David Kubicek



Voice is important to a piece of writing. Most agents will tell you that voice is a key factor in whether they accept or reject a novel. Hearing that sends many new writers into a panic–OMG, what is a voice, and how do I develop one?

I can’t give you much advice on voice, other than to assure you that you have one.

Voice is, simply, how you write. Some folks might call it your style. Your voice will develop as you learn to write. Your main literary influences will have some input into your voice. You will borrow things from them but you won’t copy them—or you shouldn’t; that would end in disaster. But you will meld these influences into your own style, your own voice.

For example, my major influences when I started writing were Ray Bradbury, John Steinbeck, and Ernest Hemingway. I got my love for creating imagery from Bradbury and Steinbeck, and I strive to keep my prose simple like Hemingway. I borrowed dialogue techniques and narrative techniques from all three.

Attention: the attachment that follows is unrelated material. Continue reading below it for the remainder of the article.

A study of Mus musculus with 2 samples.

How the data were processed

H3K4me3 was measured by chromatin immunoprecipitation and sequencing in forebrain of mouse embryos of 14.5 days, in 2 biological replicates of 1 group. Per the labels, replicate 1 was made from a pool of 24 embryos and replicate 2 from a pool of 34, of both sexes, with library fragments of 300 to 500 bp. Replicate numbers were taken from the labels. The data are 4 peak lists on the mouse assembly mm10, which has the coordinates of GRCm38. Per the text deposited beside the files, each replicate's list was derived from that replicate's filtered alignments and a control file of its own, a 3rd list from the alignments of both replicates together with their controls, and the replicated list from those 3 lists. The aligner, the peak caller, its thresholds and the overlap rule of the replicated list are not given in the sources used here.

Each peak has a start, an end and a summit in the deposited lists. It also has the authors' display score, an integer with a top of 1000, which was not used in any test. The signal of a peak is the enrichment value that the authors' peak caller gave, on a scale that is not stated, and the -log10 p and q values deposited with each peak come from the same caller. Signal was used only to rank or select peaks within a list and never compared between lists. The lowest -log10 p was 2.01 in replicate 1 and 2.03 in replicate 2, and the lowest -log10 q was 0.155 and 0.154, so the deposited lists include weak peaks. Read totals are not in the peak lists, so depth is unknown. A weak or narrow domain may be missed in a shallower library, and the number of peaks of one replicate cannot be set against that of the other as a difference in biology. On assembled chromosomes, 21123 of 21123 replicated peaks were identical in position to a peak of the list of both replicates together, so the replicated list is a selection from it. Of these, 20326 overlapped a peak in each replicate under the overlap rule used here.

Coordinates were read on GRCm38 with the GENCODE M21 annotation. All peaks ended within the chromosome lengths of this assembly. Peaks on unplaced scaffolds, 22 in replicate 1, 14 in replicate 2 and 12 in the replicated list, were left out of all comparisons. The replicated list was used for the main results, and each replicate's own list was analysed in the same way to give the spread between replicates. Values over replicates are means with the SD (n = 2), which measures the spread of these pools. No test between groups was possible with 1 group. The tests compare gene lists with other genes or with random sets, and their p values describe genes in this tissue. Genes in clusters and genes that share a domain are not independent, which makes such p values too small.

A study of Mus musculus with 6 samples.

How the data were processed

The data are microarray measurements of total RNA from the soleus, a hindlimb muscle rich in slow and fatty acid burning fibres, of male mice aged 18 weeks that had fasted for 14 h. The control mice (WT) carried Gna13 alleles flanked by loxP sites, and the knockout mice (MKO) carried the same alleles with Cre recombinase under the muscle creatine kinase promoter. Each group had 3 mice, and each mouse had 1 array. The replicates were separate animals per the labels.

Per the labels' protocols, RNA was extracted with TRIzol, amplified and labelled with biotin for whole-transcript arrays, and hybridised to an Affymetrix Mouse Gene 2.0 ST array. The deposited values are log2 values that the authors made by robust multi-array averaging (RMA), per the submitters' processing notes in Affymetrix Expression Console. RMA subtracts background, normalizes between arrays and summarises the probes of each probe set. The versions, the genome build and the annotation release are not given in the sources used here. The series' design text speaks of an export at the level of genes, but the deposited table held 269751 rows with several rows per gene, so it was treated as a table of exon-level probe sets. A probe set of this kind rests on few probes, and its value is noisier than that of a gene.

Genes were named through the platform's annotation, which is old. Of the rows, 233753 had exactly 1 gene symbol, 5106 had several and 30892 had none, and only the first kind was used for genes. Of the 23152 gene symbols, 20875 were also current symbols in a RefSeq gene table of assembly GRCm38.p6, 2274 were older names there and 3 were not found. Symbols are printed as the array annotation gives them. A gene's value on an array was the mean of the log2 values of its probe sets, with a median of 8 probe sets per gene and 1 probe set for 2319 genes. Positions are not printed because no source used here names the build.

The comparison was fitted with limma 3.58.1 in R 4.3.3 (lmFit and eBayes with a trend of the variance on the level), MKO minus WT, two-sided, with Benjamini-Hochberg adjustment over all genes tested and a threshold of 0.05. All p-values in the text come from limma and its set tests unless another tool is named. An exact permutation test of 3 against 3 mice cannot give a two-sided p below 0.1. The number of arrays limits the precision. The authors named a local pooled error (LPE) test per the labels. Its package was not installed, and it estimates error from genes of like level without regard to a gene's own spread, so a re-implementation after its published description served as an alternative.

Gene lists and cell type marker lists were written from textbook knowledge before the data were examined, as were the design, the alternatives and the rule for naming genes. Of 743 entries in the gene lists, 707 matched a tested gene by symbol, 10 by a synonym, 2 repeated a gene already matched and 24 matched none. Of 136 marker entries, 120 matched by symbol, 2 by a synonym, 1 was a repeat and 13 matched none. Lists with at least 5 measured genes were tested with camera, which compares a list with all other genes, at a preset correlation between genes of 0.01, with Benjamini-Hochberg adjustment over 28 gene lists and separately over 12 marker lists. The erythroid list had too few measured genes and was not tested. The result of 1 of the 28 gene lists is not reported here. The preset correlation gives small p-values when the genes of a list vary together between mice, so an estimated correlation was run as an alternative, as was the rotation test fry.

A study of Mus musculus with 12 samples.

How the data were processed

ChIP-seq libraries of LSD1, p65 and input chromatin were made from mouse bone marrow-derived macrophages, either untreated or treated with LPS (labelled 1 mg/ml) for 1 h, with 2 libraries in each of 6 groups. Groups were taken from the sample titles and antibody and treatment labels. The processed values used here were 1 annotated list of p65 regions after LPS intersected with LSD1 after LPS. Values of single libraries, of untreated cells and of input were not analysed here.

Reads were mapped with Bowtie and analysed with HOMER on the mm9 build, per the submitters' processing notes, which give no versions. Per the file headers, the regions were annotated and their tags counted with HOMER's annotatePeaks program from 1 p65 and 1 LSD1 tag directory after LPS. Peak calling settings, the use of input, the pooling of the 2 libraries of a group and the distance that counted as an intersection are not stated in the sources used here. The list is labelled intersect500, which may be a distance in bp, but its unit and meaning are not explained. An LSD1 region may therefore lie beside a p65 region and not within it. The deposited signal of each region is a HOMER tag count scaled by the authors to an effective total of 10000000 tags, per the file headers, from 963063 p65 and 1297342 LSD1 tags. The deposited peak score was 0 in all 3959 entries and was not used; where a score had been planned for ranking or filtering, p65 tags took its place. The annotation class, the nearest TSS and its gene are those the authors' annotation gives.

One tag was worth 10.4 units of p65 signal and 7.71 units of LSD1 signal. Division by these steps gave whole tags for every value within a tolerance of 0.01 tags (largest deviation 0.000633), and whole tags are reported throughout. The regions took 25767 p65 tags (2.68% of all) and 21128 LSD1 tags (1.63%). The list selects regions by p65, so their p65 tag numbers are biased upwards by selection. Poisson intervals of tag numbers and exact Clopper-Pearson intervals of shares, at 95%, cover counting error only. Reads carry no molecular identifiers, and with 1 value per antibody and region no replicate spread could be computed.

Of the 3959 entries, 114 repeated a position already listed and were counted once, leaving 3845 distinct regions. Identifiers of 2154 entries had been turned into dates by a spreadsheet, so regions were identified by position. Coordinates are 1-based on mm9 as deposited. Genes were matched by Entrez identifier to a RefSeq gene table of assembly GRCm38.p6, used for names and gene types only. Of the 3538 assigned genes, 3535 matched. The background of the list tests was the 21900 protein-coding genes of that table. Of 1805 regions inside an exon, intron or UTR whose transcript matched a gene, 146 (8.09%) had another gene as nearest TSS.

But I didn’t copy those dudes. My imagery is down to earth (more like Steinbeck than Bradbury, whose imagery gets a little flowery at times), and I tend to mix longer sentences into my prose than Hemingway. The result was my own style, my own voice, that was different from my literary mentors.

Since then I’ve learned from lots of other writers. I learn something from almost every good novel or short story I read. I even learn from the bad ones (i.e.—don’t use that technique or the story might stink to high heaven).

Your voice doesn’t have to stand out like Bradbury’s. It may be more subtle, but it will develop and become more distinctive the more you write.

One thing I do know about voice is that you can’t consciously develop it. If you try to create a voice you will meet with a catastrophe of apocalyptic proportions. Your writing will sound phony, and that’s a bad thing if you’re trying to get your work published.

The best advice I can give you concerning voice is: don’t worry about it. Work on your craft, write the kinds of stories you like to read, and your voice will take care of itself.